Intel launches powerful Core i9 processor for laptops

Last year, Intel added some significant heft to the top-end of its desktop processor lineup with the Core i9, and now it's bringing that power to laptops. The company announced today that its eighth-generation Core i9 is now available as the "highest-performance laptop processor" it has ever built, targeted directly at gamers and content creators on the go.

The top-end Core i9-8950HK, Intel says, features six cores and 12 threads, along with a turbo frequency of up to 4.8 GHz. Intel is also touting its new Thermal Velocity Boost, which it says can increase the clock frequency of the Core i9-8950K by up to 200 MHz if the processor temperature is low enough. In total, Intel claims that the Core i9 can achieve a 29 percent performance boost when compared to a seventh-generation Core i7-based PC. What's more, Intel claims a 41 percent boost to FPS for gamers and a 59 percent boost in speed for 4K video editing.

In addition to the Core i9 for laptops, Intel also took the wraps off of new Core i5 and i7 chips based on its Coffee Lake platform and leveraging the company's 14nm++ process. Each features improved performance and, along with the Core i9 chip, are part of Intel's H series of processors.

Each of these new Coffee Lake chips also supports Intel's new Optane memory, which it says can increase the performance of SATA-based storage without impacting capacity. Intel is rolling out new Core i5+, i7+ and i9+ badges that indicate a device combines the latest Core processors with Optane memory.

Dan Thorp-Lancaster

Dan Thorp-Lancaster is the former Editor-in-Chief of Windows Central. He began working with Windows Central, Android Central, and iMore as a news writer in 2014 and is obsessed with tech of all sorts. You can follow Dan on Twitter @DthorpL and Instagram @heyitsdtl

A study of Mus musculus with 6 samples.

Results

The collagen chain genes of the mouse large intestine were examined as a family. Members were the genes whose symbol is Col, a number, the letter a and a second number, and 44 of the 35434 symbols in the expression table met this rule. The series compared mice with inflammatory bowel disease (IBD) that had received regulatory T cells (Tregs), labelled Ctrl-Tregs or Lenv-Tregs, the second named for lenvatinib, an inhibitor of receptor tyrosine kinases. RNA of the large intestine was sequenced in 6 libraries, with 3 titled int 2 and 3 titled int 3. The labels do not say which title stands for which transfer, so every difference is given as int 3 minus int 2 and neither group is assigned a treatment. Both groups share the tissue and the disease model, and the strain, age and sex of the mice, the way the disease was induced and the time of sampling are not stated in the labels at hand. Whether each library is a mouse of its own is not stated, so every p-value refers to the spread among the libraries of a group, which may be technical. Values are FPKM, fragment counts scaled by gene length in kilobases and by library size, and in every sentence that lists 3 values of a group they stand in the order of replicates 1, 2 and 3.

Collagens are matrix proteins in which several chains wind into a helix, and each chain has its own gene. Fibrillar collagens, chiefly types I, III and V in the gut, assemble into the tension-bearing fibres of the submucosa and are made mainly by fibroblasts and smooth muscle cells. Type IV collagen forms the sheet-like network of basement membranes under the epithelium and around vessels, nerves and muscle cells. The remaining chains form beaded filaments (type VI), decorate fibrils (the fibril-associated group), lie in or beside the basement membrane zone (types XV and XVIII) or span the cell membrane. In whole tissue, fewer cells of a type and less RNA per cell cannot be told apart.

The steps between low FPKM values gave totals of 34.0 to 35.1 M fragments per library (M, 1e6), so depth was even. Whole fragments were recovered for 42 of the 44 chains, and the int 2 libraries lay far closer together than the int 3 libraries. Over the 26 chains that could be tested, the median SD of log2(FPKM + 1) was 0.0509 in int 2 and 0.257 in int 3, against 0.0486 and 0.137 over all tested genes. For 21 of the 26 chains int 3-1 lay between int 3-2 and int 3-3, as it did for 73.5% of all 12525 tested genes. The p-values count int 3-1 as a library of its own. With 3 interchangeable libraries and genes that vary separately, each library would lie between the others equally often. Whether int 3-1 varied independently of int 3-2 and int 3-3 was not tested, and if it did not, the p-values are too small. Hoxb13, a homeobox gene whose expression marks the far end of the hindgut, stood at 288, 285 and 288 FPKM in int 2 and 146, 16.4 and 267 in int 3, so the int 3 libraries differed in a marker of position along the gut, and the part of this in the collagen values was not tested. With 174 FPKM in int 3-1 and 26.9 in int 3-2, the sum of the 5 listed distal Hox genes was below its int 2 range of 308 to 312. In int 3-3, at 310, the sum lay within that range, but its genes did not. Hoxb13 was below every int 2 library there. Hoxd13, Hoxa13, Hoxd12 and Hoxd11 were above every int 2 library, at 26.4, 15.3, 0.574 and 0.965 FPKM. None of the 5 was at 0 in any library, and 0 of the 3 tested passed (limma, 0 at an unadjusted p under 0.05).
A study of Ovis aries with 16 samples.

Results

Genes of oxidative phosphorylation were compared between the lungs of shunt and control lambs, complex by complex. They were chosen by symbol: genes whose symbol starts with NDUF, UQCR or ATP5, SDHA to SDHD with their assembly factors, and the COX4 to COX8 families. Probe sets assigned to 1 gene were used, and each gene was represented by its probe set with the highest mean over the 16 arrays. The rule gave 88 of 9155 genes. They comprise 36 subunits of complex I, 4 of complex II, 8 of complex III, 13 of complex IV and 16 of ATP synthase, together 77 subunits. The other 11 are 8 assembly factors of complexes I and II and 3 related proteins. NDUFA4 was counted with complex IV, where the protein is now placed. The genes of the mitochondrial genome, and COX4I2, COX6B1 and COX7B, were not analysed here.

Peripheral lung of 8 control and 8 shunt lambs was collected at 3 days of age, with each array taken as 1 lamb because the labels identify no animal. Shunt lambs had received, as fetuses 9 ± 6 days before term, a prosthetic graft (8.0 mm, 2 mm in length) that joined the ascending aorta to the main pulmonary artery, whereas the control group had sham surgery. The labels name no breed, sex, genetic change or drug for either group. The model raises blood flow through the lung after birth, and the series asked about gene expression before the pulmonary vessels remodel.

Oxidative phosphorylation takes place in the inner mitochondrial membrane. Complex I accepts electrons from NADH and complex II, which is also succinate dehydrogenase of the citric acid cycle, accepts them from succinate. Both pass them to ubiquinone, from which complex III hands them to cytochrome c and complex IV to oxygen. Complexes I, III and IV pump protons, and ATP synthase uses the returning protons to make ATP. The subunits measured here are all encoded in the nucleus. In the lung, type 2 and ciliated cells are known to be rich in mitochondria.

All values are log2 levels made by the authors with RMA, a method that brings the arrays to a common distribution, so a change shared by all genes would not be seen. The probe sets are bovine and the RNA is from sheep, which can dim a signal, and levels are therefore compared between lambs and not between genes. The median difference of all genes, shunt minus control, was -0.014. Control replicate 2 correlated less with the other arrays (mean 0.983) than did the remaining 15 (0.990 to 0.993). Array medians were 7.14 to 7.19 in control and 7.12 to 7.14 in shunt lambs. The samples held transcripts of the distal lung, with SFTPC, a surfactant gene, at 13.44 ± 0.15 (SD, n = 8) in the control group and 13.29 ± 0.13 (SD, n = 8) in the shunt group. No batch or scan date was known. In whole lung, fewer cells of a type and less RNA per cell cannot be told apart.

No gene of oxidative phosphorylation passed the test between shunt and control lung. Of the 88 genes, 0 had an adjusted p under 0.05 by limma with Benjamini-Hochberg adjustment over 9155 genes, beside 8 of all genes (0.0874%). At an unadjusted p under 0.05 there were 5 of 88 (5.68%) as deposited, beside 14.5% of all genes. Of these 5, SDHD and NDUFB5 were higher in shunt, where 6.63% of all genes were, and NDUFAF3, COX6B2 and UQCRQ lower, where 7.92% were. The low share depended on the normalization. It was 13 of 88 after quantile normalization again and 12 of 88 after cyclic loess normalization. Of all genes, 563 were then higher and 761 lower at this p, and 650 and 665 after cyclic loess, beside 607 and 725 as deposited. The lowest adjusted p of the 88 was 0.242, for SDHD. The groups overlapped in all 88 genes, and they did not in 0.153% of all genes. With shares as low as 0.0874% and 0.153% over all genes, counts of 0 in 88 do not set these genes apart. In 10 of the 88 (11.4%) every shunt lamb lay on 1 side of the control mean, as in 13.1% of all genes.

• Wow!
  • Thermal Velocity Boost - is that Intel copying AMD's core boost thing?
  • It looks like the same concept as XFR
  • Intel is just boosting $$$!
  • These are still 14nm parts! Worthless!
  • Like you can see the difference! I mean eyeball it lol
  • Lol they say it's "14nm++" but yeah we are all awaiting 7nm to hopefully launch next year (at least Ryzen side)
  • Intel's still trying to make 10nm work and has been for 3 years, while AMD's going to switch to Global Foundries for Zen 2 in 2019. They intend to go straight from 14 (well, 14+, which they kinda call 12 sometimes) to 7, at least for the Navi GPU, but IDK if Zen 2 is going to be 10 or 7.
  • A big middle finger to me because I got a new Surface Book 2 😐😐
  • I mean how so? These i9 chips are 45w TDP, they would never be put in a Surface Book anyways.
  • *droooool* *Wipes* *Droooool*
  • "turbo frequency of up to 4.8 GHz" On how many cores? One? How about they stop being vague and tell us the all-core boost clock?
  • Because Intel.
  • The price of this will no doubt be ridiculous. Meanwhile here in the UK you can get an ASUS ROG gaming laptop with a Ryzen 5 1600 desktop CPU in it that also has 6 cores and 12 threads. I bet the i9 versions are twice the cost. Even the Ryzen 7 1700 version (still the full desktop CPU) is only around 1300 now. The choice for me is clear.